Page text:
Elmy Bermejo stands for a portrait inside Tommy’s Mexican Restaurant, which she opened with her late husband, Tommy in 1965, on Monday, July 15, 2019. (Kevin N. Hume/S.F. Examiner)

Elmy Bermejo stands for a portrait inside Tommy’s Mexican Restaurant, which she opened with her late husband, Tommy in 1965, on Monday, July 15, 2019. (Kevin N. Hume/S.F. Examiner)

Tommy’s Mexican Restaurant: A place of friendship

“It’s a beautiful country but I don’t think I’m going to stay here forever,” Tommy Bermejo wrote in a letter from the United States to his wife.

“It’s a beautiful country but I don’t think I’m going to stay here forever,” Tommy Bermejo wrote in a letter from the United States to his wife Elmy in Yucatán, nearly 60 years ago. “Why don’t you come and visit?”

Tommy was working as a field hand in Texas and California through the bracero program, an agreement negotiated between the United States and Mexico in the mid-20th Century. Back in their home near Mérida, Elmy applied for a travel visa and was issued papers to permanently reunite with her husband.

“But why? I thought. I’m only going on vacation,” she said. Eventually she moved here and so did their children. Today, Elmy is the matriarch of the Bermejo family and the Richmond District business the couple founded in 1965: Tommy’s Mexican Restaurant, originally known as Tommy’s Barbecue.

“We knew nothing about the neighborhood, except that there had been an Italian restaurant here,” said Elmy whose first business, Elmy’s Coffee Shop, was on McAllister Street.

“We rented a hotel room across the street and I would go to work in my robe and start fixing the coffee and the batter for the pancakes,” said Elmy. “Then after that, I got dressed in my uniform, turned the lights on and the people started coming.” She rang up order after order of “one donut and a coffee, 10 cents and 12 cents: 22 cents,” she said, “And 89 cents for a nice lunch.”

“My parents were hard workers,” said Teresa, the second eldest of five children. She assists her mother about six months of the year, when she’s not at her own home in Mexico. I asked her how the business and its workers are bearing up to the right wing’s latest round of attacks, often directed at indigenous people of The Americas, the very workers who deliver our food supply from the fields to the table.

“It’s getting harder and harder…of course I’m worried,” she said, amazed at her mother’s resilience. “She never gets angry. She prays a lot. She has good relations with everyone.”

Teresa remembers when she and her older sister, also named Elmy, took care of the younger children while their parents worked.

“We studied at St. Monica’s,” said Teresa of the church and school across the street from Tommy’s. Her brother, Julio, is the restaurant’s tequila expert: His knowledge of the agave plant, its fermentation and distilling process, have made Tommy’s a destination for drinkers.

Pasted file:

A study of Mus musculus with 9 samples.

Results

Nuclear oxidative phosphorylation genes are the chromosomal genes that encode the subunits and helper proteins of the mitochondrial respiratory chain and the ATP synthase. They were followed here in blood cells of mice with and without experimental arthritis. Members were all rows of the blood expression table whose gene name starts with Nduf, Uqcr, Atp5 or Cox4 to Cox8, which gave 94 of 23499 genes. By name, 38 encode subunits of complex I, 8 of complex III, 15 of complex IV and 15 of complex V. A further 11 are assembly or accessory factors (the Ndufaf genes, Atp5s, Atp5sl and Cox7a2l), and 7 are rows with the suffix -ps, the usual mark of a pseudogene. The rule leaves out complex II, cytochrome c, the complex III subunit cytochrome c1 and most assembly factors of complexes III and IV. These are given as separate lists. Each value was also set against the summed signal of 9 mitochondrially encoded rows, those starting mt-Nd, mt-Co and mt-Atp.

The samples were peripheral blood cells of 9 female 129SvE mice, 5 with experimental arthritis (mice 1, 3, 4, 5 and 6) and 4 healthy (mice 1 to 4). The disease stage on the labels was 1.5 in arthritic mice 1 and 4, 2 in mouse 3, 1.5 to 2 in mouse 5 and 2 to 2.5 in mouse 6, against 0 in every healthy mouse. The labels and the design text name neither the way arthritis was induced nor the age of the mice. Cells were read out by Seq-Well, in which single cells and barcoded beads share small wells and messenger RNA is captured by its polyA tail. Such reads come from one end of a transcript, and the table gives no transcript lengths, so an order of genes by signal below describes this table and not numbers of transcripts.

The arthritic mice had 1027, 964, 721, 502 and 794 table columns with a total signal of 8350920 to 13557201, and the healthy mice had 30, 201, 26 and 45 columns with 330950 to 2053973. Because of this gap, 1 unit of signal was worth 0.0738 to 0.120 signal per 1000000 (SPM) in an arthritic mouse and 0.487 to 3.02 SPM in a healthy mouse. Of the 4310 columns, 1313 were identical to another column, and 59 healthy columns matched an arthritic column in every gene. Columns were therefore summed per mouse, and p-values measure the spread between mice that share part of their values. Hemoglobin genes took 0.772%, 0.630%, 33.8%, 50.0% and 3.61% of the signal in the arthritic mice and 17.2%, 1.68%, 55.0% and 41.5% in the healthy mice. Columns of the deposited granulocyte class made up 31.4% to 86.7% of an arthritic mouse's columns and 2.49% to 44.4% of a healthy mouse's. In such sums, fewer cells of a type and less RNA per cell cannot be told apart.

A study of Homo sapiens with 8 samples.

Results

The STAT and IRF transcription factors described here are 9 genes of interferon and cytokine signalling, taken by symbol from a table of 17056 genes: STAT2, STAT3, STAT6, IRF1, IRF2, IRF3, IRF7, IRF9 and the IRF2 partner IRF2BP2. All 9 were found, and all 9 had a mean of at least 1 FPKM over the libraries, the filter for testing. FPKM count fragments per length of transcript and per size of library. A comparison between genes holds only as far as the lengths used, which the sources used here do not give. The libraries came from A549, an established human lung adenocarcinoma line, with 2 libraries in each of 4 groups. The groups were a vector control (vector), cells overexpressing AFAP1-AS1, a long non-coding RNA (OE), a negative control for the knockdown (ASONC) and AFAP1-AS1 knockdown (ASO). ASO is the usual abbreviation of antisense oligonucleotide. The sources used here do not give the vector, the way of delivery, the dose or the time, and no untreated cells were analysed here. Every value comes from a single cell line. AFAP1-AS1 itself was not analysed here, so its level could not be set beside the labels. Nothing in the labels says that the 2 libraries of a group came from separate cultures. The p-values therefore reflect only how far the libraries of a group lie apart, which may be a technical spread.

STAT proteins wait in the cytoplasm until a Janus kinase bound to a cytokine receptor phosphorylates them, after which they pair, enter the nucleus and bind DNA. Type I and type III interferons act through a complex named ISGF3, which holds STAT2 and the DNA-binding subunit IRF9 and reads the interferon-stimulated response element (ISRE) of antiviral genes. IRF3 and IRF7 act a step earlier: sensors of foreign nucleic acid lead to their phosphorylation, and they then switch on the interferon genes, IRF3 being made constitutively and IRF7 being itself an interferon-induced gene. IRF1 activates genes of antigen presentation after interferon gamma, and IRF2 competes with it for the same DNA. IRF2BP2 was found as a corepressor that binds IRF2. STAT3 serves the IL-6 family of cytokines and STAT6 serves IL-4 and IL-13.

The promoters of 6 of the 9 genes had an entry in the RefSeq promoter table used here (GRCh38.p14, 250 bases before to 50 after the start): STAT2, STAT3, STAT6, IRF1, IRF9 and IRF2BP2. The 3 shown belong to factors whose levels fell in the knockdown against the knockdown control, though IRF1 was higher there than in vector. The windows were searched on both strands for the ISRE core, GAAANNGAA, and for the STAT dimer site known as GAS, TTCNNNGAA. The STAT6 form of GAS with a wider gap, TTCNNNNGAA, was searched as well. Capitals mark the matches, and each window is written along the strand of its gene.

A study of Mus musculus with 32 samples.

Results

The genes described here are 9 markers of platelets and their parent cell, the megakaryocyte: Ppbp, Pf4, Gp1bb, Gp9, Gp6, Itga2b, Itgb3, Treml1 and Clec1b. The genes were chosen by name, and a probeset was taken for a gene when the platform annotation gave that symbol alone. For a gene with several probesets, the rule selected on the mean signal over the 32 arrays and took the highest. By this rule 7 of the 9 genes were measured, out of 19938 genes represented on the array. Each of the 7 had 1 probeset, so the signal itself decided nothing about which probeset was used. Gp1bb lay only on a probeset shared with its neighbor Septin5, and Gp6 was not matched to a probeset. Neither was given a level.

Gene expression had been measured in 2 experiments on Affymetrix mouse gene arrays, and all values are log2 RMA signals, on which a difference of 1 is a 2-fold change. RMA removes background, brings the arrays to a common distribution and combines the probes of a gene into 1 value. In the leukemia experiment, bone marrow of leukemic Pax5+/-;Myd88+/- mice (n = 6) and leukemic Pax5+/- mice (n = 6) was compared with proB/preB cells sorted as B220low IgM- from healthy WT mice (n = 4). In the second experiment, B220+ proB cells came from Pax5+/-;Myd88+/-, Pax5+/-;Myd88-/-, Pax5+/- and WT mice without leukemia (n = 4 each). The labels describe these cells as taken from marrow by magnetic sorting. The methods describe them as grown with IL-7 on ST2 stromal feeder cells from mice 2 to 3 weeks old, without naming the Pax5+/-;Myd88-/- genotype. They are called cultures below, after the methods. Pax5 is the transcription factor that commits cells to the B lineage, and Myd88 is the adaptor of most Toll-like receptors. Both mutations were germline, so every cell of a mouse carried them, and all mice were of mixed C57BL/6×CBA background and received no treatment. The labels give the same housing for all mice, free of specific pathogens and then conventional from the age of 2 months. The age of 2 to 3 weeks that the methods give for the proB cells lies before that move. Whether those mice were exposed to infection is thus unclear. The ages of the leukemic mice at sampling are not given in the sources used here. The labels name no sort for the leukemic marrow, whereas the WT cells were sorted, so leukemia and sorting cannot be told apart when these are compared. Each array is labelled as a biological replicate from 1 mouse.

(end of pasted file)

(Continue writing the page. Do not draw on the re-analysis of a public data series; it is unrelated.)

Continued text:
“When we first opened, we had one tequila,” said Elmy, who still works at the counter. “I did the margaritas, I did the waitressing, and took the money.”

The Bermejos eventually opened two more restaurants following the success of Tommy’s (both have since closed), though in the beginning, neither of them knew how to cook. It was a relative who suggested Tommy would do well to switch from field labor to kitchen work, “It’s more consistent, rain or shine,” said Elmy.

Moving quickly from dishwashing to food prep, Tommy honed his English and his cooking skills at a barbecue downtown and at a neighborhood Mexican place. When learning of the available restaurant on Geary Boulevard, he knew it was right. “Tommy’s co-workers all said they had some savings and we made the down payment,” said Elmy, but there were sacrifices.

“We went no place, no movies, no nothing,” said Elmy. They even kept the old restaurant’s Italian, grapevine decor until the loans were paid back and they could remodel in their own style.

“In the window we had rotisserie chickens and people would come for chickens and the children would come here after school for French fries,” explained Elmy. They served prime rib and New York steaks, “but no Mexican food,” until customers demanded it.

“People asked, Where are the enchiladas? Where is the guacamole? Where are the tacos? Tommy says ok, we’ll start doing specials,” said Elmy. Regional specialties came later.

“Julio asked why don’t we have Yucatecan food? We are from Yucatán!,” and so pollo pibil, poc chuc and Yucatecan tamales were added to the menu. Old time San Franciscans typically call the place Tommy’s Enchiladas.

“We had a mural with enchiladas, that’s why I think some people still call it Tommy’s Enchiladas,” said Elmy. Though the mural is gone, there is plenty of artwork on the walls much of it created by local artists (like Calixto Robles, a subject of a previous edition of SF Lives).

Tommy used to prepare a meal for him and Elmy at about three o’clock, as their shifts changed over.

“He always called me, ‘Where are you? Why don’t you come soon? I’m cooking.’ Always something special. When I get here, the food is here, a little wine, after that he goes home and rests and comes back.”

Tommy passed away in 2011 at age 79; Elmy will be 85 this year.

“It’s a lot of years,” she laughed. She’s often asked why she doesn’t retire.

“There’s a lot of friendship here,” she said. “When I get sick and stay home, people start asking and Julio says, ‘You have to get ready to come back. Everyday people are asking about you,’” she said. “A lot of them call me mama or Mrs. B. The people are all very nice,” she said. And when they aren’t?

“Julio tells them, ‘I think you’ve had enough,’ and they go home.”

Denise Sullivan is an author, cultural worker and editor of “Your Golden Sun Still Shines: San Francisco Personal Histories & Small Fictions.” She is a guest columnist and her point of view is not necessarily that of the Examiner. Follow her at www.denisesullivan.com and on Twitter @4DeniseSullivan.